Advisers take lead in Carlton 'visioning' process
When facilitator Ann Glumac told the crowd of about 75 people to imagine the education of Carlton students "with no limits," some responded with truly out-of-the-box thinking.
One person suggested consolidating all of the county's schools, and designating each a different "area of excellence." One school could specialize in vocational education, another on arts, another on sciences, and so on.
Others were more practical.
"Having meaningful discussion with Wrenshall (school district) is probably our best option of surviving and maintaining an identity," said one of the community advisers, as each table offered up two ideas discussed among the group.
The June 26 community visioning meeting was another step in the ongoing process of trying to gather input from community members and school district staff regarding their vision for the education of Carlton students.
Rather than relying on residents to call school board members or stand up at meetings, the district hired two consultants last spring to work with a group of volunteer community advisers who were selected themselves to represent a broad swath of the community and ideas.
Included in that group of community advisers were Colleen Bernu, Dave Chmielewski, Amy DeCaigney, Amber Despot, Lori Gamble, Jeffery Herman, Donna House, Roger Hurd, Chris Mitchell, Vicki Oberstar, William (Bill) Sharratt, Timothy Soden-Groves, Christopher Wagner and Frannie Weber.
Carlton Superintendent Gwen Carman said the volunteer advisers interviewed 36 community members in April with methods and results handled by a consultant hired by the school district. The consultant worked to make sure the advisers represented a wide range of residents, with different ages, family demographics, income and viewpoints represented. They tried to make sure the residents interviewed also represented all the different demographics in the district.
The community visioning meeting was the next step, said Glumac, explaining that the group discussed three different questions, with participants changing tables each time so they weren't with the same people.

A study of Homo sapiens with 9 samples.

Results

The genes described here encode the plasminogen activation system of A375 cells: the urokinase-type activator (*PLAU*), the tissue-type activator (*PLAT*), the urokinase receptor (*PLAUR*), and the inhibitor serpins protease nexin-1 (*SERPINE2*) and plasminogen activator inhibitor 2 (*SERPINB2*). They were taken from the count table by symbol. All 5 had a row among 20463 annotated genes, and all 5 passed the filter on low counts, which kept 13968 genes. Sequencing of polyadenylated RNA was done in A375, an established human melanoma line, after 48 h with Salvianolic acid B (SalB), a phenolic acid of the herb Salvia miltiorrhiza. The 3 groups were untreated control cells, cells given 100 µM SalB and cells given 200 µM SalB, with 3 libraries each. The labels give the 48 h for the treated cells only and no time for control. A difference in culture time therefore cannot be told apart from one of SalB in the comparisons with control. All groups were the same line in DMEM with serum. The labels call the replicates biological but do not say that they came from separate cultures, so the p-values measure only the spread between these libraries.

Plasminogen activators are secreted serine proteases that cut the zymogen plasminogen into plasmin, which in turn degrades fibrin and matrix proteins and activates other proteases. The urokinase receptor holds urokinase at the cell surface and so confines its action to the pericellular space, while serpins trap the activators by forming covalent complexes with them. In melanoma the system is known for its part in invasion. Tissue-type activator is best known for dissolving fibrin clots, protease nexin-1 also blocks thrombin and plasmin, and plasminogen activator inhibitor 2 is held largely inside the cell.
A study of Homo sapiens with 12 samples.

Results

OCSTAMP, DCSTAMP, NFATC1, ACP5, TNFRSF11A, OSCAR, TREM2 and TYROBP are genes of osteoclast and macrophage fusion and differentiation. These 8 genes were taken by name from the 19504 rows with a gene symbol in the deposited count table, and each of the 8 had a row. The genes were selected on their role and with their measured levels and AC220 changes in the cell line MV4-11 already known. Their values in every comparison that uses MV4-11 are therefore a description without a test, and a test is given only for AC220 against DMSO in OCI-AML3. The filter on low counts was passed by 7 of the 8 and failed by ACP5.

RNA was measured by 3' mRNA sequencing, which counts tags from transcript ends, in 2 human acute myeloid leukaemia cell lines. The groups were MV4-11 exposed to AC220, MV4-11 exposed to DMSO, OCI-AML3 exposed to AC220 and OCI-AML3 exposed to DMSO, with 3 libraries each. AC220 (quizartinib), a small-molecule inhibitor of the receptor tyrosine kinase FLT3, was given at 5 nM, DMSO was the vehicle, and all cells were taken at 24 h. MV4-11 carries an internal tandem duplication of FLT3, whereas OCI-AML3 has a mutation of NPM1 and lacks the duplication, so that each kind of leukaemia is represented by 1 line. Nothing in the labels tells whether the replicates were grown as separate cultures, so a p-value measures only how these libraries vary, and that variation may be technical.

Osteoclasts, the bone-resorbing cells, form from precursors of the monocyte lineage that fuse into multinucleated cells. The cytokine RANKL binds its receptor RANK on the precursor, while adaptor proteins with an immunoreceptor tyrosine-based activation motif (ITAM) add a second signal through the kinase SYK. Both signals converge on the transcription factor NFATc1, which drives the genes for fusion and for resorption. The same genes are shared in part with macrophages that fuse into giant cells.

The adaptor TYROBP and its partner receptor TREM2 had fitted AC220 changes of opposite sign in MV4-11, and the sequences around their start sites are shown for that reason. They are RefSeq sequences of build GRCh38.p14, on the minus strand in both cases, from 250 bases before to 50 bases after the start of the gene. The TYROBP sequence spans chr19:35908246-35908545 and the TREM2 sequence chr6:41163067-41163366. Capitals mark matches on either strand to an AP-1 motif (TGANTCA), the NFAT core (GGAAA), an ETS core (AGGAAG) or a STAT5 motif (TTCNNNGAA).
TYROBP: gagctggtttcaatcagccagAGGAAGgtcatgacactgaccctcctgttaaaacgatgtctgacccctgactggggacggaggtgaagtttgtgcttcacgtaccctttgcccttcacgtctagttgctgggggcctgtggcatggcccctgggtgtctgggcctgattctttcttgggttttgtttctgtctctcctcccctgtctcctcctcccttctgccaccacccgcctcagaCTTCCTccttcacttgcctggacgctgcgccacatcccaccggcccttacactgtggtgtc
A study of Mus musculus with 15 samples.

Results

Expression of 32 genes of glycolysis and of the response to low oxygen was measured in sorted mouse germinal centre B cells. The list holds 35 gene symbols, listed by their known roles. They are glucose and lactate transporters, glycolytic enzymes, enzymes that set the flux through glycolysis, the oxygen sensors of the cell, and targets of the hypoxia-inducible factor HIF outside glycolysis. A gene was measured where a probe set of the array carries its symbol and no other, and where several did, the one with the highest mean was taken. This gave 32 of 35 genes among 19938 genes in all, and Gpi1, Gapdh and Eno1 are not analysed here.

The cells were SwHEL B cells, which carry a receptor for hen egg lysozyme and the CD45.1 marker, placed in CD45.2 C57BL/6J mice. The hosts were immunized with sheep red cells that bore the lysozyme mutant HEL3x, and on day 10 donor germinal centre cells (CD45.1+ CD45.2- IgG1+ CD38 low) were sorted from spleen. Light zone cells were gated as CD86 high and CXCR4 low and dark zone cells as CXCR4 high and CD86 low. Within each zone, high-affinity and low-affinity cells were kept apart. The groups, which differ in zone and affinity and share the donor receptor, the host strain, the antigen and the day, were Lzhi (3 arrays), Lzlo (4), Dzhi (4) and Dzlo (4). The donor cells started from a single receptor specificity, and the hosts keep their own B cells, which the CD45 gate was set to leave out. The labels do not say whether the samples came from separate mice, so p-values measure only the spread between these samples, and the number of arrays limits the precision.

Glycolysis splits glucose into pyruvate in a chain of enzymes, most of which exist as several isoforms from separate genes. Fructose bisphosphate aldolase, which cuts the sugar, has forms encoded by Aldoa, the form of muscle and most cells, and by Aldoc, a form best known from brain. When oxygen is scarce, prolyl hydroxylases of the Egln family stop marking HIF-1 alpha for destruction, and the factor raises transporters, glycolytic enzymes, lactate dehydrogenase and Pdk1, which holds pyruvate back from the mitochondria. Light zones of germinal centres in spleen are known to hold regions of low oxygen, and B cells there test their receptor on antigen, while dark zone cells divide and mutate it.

The second question dealt with "what obstacles stand in the way of realizing your ideal vision."
The third question asked: "What would build ongoing community involvement in and support for the education of Carlton District students?"
Although each of about 10 tables only offered up two of its ideas each round, Glumac collected all of the notes from the evening's discussions and grouped those into themes. When she met with the community advisers that Thursday, they discussed and tweaked those summaries.
Last week, she met with the adviser group again and they discussed results from the interviews and community meeting, plus a previous visioning session with district teachers and staff to come up with some of the things that stand out to the advisers as "a snapshot" of where the district could be in three to five years.
On Monday, July 34, they started identifying what obstacles stand in the way of those ideas. They were scheduled to meet again Wednesday, July 25, to continue the discussion and maybe come up with some questions for an online survey that will likely be posted in August.
Glumac said it's been the advisers' job to take the information they've received from residents, plus their own thoughts, and synthesize it.
"I honestly don't know their own opinions about building new or consolidating or whatever," she said. "That's not what we're doing. They are listening to a wide variety of perspectives and we will try to reflect that in what they give to the (school] board)."
Carman noted previously that the purpose of the community meeting was to give input and to hear other people's input.
Glumac thought that happened as she observed the meeting.
"I saw a lot of good conversation, people leaning in, nodding, good engagement," she said.
To see summaries of the interviews and staff visioning session, go to carlton.k12.mn.us. Scroll down to "Quick Links" and find "Community Visioning Meeting on June 26th."